Young people in Iran are developing their entrepreneurial skills thanks to a new project.
Economy, business, politics and society
Global perspectives and challenges
Dr Misagh Tasavori
A lecturer from Essex Business School is helping students in Iran set up their own businesses after a major study revealed they lacked entrepreneurial skills, which could help their country prosper.
Dr Misagh Tasavori, an expert in international business and entrepreneurship, collaborated with a company in Iran to assess an initial 5,000 students for their business acumen. The research revealed that the majority didn’t have the characteristics, such as creativity, independence, innovation and risk-taking, necessary to be a success in business.
This prompted the Ministry of Education in Iran to order a wider study, and in May 2015 over two million students, aged 13-15, were surveyed with similar results. It was clear a major education programme was needed to address the problem.
“The data demonstrated that the level of entrepreneurial characteristics of boys and girls in Iran was quite low and a significant improvement was required,” said Dr Tasavori.
Working with education and training organisation Kaashef, Dr Tasavori used her experience and expertise to help design courses for both students and teachers. She worked with Kaashef to develop a questionnaire to assess the entrepreneurial skills of teachers, so that training could be targeted at those most likely to make a difference to their students.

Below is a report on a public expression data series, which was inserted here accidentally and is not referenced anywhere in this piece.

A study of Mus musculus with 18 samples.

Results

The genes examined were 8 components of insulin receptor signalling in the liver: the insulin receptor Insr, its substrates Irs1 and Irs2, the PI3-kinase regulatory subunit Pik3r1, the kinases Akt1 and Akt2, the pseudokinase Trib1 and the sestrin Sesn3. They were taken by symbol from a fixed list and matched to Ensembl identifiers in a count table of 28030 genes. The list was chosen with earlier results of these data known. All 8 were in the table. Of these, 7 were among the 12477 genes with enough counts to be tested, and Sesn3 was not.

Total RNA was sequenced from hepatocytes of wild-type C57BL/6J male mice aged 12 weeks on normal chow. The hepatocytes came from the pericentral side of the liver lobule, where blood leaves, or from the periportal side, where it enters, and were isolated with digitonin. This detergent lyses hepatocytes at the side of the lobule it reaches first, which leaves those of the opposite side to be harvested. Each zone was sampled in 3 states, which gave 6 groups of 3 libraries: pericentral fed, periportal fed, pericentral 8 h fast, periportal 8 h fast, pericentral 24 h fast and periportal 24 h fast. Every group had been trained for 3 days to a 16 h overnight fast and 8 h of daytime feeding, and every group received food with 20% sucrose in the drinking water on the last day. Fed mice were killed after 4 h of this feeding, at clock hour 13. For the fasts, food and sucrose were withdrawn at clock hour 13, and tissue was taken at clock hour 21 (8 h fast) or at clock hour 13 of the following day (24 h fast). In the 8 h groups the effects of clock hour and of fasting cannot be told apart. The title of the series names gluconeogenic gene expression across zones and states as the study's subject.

So far over 450 teachers in 200 cities have been trained and they, in turn, have taught entrepreneurial skills to over 10,000 students.
“Teachers are now recognising the impact taking part in the entrepreneurial programme can have on reducing unemployment and improving the future of students,” added Dr Tasavori.
Students who have received the training say they are more motivated to start their own business and many are already selling products at local markets or on-line.
Indeed Kaashef are so keen to give students practical, as well as theoretical skills, they have set up weekly Friday markets, known as a Jome Bazaar, where students can sell products they have made through their own micro-businesses.
Over 600 students have sold their wares through Jome Bazaars in 12 cities and the network looks set to expand.
Kaashef plan to re-run the survey to show how entrepreneurial skills are developing over time, and it is hoped similar programmes, based on the Iranian model, can be run in other developing countries to help reduce unemployment and increase prosperity.